Friday, 24 January 2014
THE EROTIC ART OF FRANCOIS BOUCHER
Leda and the Swan.
He was born on 29th September 1703 and died on 30th May 1770. François Boucher was one of the most important and prolific artists of the Rococo period. If we think that today we are the first generation to depict erotic works of art, we are misinformed; Boucher painted many erotic paintings throughout his career.
Boucher captures the moment before penetration takes place. Perhaps three sweet exquisite pulse beats of anticipation.
From an early age, Boucher was a student of the early Rococo artist François Lemoyne until 1721 when he began working as an engraver. In 1723 Boucher won the Prix de Rome, an illustrious art scholarship to study in Rome that Boucher's teacher, Francois Lemoyne, also won in 1711. Boucher didn't go to Rome immediately, and continued working as an engraver for Laurent Cars for 300 francs a year, and then travelled to Italy 4 years later in 1727 at his own expense.
Hercules and Omphale.
The viewer is a voyeur of an intensely private moment.
Upon his return to France, he was elected to the Royal Academy where he had much success. He was soon Rector of the Academy, and head of the Royal Gobelins Manufactory in 1755 and "First Painter to the King" in 1765. He was a favourite of the influential mistress of the king Mme de Pompadour, and excelled in painting many of her portraits.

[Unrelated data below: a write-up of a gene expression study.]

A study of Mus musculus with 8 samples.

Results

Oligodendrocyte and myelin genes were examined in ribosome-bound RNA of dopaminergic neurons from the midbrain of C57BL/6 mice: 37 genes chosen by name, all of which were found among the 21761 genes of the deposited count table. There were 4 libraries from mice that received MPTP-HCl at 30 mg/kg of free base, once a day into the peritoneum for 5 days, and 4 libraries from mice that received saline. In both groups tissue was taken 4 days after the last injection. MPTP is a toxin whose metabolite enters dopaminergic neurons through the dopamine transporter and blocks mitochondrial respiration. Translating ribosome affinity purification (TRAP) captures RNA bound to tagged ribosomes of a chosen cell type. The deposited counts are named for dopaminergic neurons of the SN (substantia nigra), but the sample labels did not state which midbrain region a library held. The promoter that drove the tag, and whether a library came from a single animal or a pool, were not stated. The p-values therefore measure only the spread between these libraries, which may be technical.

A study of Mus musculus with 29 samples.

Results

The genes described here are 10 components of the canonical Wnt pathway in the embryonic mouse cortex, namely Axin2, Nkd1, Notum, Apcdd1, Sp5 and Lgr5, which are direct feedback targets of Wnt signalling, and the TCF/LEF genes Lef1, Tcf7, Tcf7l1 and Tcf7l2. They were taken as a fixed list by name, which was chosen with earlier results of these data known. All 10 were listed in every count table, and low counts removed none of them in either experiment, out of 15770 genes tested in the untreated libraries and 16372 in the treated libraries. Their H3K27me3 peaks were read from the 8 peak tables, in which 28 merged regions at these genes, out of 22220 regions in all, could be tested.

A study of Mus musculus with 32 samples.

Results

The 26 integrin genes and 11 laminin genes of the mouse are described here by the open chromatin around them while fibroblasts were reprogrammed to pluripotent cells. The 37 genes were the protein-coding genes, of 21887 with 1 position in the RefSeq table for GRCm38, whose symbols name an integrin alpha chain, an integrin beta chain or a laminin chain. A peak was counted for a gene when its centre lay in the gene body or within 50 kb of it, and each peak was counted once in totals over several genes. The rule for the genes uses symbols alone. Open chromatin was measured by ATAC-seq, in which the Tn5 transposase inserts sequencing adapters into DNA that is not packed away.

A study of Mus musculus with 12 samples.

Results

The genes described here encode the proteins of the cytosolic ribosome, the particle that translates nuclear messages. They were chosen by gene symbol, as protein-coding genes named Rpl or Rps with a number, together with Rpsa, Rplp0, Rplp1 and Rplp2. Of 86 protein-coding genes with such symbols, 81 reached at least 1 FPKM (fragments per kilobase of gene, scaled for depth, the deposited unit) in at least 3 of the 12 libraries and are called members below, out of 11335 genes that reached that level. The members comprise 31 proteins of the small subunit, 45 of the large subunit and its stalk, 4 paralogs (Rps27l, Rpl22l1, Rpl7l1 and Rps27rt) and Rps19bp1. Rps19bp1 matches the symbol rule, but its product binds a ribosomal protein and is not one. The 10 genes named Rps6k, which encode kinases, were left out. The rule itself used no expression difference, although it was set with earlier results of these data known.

The oval shape of the painting places the viewer in the position of spy. The viewer is peeping through the keyhole.
Marie-Louise O’Murphy The best known of Boucher's paintings.
Boucher had also painted at least one erotic portrait of another of the King's mistresses, Marie-Louise O'Murphy, in a pose that has become very familiar with Boucher and is known as the "Blonde Odalisque". He made several paintings in this series including the "Brown Odalisque" whose model is thought to be Boucher's wife.
Her gleaming, white flesh is highlighted by the luscious blue velvet. She waits, vulnerable and exposed for the male.
Many of Francois Boucher's early nudes were tangled up in mythological allegory to avoid criticism -- though as can be seen from his "Odalisques" and other works, Boucher transitioned to more open eroticism.
Le Triomphe de Venus
I think that this is an orgy, rather than a rape. It has the mood of a celebration. The participants are gleeful.
And this one, Raised Skirt; attributed to Boucher. I wonder if he did paint it? And if he didn’t -- well who did? Again the viewer is a spy -- another through the keyhole moment.
Is Boucher painting pornography or erotica? I don’t know, you have to decide that for yourself. I guess it depends on your own subjective interpretation of those words. I think that Boucher wanted to paint works that would arouse the viewer; perhaps even deprave -- just a little. Some of his images rely on fictional representations; narratives that were probably better known in the eighteenth century than they are today. Others are a blatant invasion of privacy, the women are displayed to titillate and are for public consumption in their most intimate moments.
This blog post has been compiled using sources from the web.